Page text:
Seahawks tight end Jimmy Graham builds strength on basketball court

Jimmy Graham continues to make good progress recovering from a knee injury but is still iffy for Seattle’s regular-season opener. (John Froschauer / Associated Press)
Jimmy Graham continues to make good progress recovering from a knee injury but is still iffy for Seattle’s regular-season opener. (John Froschauer / Associated Press)
By Gregg Bell Tacoma News Tribune

SEATTLE – As you and the Seahawks wait to see him play in a game again, Jimmy Graham’s best moments of knee recovery are happening far behind the scenes.

In pregame warmups before an exhibition game.

And on a basketball court.

You didn’t see it Thursday – unless you were one of the few thousand ticket-holders that beat the Puget Sound’s grotesque, 5 p.m. traffic and were inside CenturyLink Field an hour or so before kickoff.

Well before Thursday night’s television broadcast began of the Seahawks’ third preseason game against Dallas, the star tight end took his best steps yet toward playing in this regular season.

Graham looked fast, fluid and comfortable running routes for Russell Wilson with the first-team offense in full pads during pregame warmups. While Graham is not yet ready to play in a game – it remains iffy he’ll be ready when the season begins Sept. 11 against Miami – Thursday’s warmups gave encouraging signs four days short of nine months after he ruptured the patellar tendon in his knee.

“He looked great in pregame. He was flying. He was really fired up,” coach Pete Carroll said. “He ran a ton of sprints before that workout, with the throwing and the catching and then he took all those plays, and then he took the pregame warmup.”

Before Graham took his next, incremental step in his eventual return, he took a few in an old, familiar setting.

Carroll and the Seahawks recently had the former University of Miami forward, dunker, shot-blocker and rebounder making V-cuts and pivots and reacting to the ball on a basketball court.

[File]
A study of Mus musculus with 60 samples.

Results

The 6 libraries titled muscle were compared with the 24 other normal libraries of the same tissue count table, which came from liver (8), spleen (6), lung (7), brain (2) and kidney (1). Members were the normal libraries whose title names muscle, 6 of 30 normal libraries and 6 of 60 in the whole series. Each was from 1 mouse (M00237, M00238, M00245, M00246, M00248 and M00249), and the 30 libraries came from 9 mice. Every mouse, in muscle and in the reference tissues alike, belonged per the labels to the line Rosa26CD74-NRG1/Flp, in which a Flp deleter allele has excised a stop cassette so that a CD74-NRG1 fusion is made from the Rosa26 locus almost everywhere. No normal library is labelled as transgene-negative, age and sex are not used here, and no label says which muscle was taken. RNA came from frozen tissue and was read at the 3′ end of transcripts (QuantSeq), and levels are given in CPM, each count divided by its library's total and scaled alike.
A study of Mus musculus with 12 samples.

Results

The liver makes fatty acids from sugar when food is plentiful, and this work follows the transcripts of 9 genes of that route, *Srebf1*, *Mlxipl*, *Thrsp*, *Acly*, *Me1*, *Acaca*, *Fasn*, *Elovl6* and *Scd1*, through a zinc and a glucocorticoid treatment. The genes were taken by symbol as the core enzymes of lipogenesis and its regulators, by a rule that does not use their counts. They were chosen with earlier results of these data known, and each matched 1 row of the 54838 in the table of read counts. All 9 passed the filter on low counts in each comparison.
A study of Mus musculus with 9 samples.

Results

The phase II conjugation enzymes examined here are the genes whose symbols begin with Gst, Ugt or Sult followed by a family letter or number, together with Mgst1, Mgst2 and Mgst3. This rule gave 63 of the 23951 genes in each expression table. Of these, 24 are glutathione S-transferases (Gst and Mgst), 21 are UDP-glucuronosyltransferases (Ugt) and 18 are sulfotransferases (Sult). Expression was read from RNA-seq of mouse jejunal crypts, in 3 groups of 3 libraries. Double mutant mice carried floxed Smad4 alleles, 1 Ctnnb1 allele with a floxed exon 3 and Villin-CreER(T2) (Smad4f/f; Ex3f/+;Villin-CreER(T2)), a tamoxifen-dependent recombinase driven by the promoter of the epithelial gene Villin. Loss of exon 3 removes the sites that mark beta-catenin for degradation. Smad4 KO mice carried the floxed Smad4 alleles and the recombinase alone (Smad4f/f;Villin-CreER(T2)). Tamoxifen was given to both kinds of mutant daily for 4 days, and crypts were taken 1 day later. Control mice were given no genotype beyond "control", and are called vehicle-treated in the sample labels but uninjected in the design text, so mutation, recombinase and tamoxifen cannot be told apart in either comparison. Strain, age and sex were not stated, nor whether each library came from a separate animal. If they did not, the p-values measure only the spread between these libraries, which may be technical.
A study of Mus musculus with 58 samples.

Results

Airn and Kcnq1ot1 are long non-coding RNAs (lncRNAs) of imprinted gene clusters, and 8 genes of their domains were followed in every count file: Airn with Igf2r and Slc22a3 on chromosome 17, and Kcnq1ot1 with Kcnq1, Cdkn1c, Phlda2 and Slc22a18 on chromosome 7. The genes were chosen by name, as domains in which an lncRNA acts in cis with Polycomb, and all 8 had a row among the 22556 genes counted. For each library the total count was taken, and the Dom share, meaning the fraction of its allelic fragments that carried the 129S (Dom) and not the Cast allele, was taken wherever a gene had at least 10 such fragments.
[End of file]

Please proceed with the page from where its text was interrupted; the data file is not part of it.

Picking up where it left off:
“The idea was to give him a chance to have to make moves that are not controlled,” Carroll said. “You have controlled workouts where you have bags and you’re changing direction and all those kind of things. I thought if he would just feel that, it would show him that he’s ready to go to the next level. We just had some fun doing it.”

First cuts due by Tuesday

The Seahawks and every other NFL team have to be down from 90 to 75 players on their rosters by 1 p.m. Tuesday.

Some of those 15 cuts seem obvious.

Defensive tackle Sealver Siliga looks destined for the injured-reserve list if Seattle wants to keep the veteran it signed this offseason. If not, he could get waived injured. He’s been out for all but one day since training camp began July 30 with a calf injury.

Kasen Williams’ ongoing hamstring injury is putting the former Washington Husky’s chances of being on the 53-man regular-season roster in jeopardy.

Several undrafted rookies have impressed enough at times this month they appear likely to not only survive Tuesday’s initial cuts but have a shot at making the team.

Tanner McEvoy helped himself again Thursday. Lined up at tight end, he drifted wide open between Dallas’ zones to make a 43-yard catch after Russell Wilson rolled left on a bootleg in the third quarter.

But Carroll said after Thursday’s game McEvoy “tweaked” his groin. This late in the preseason, any injuries for players who have impressed sometimes lead to IR designations,

Troymaine Pope keeps impressing coaches with his decisive running late in preseason games.

The final roster cuts down to 53 players for the start of the regular season are due by Saturday.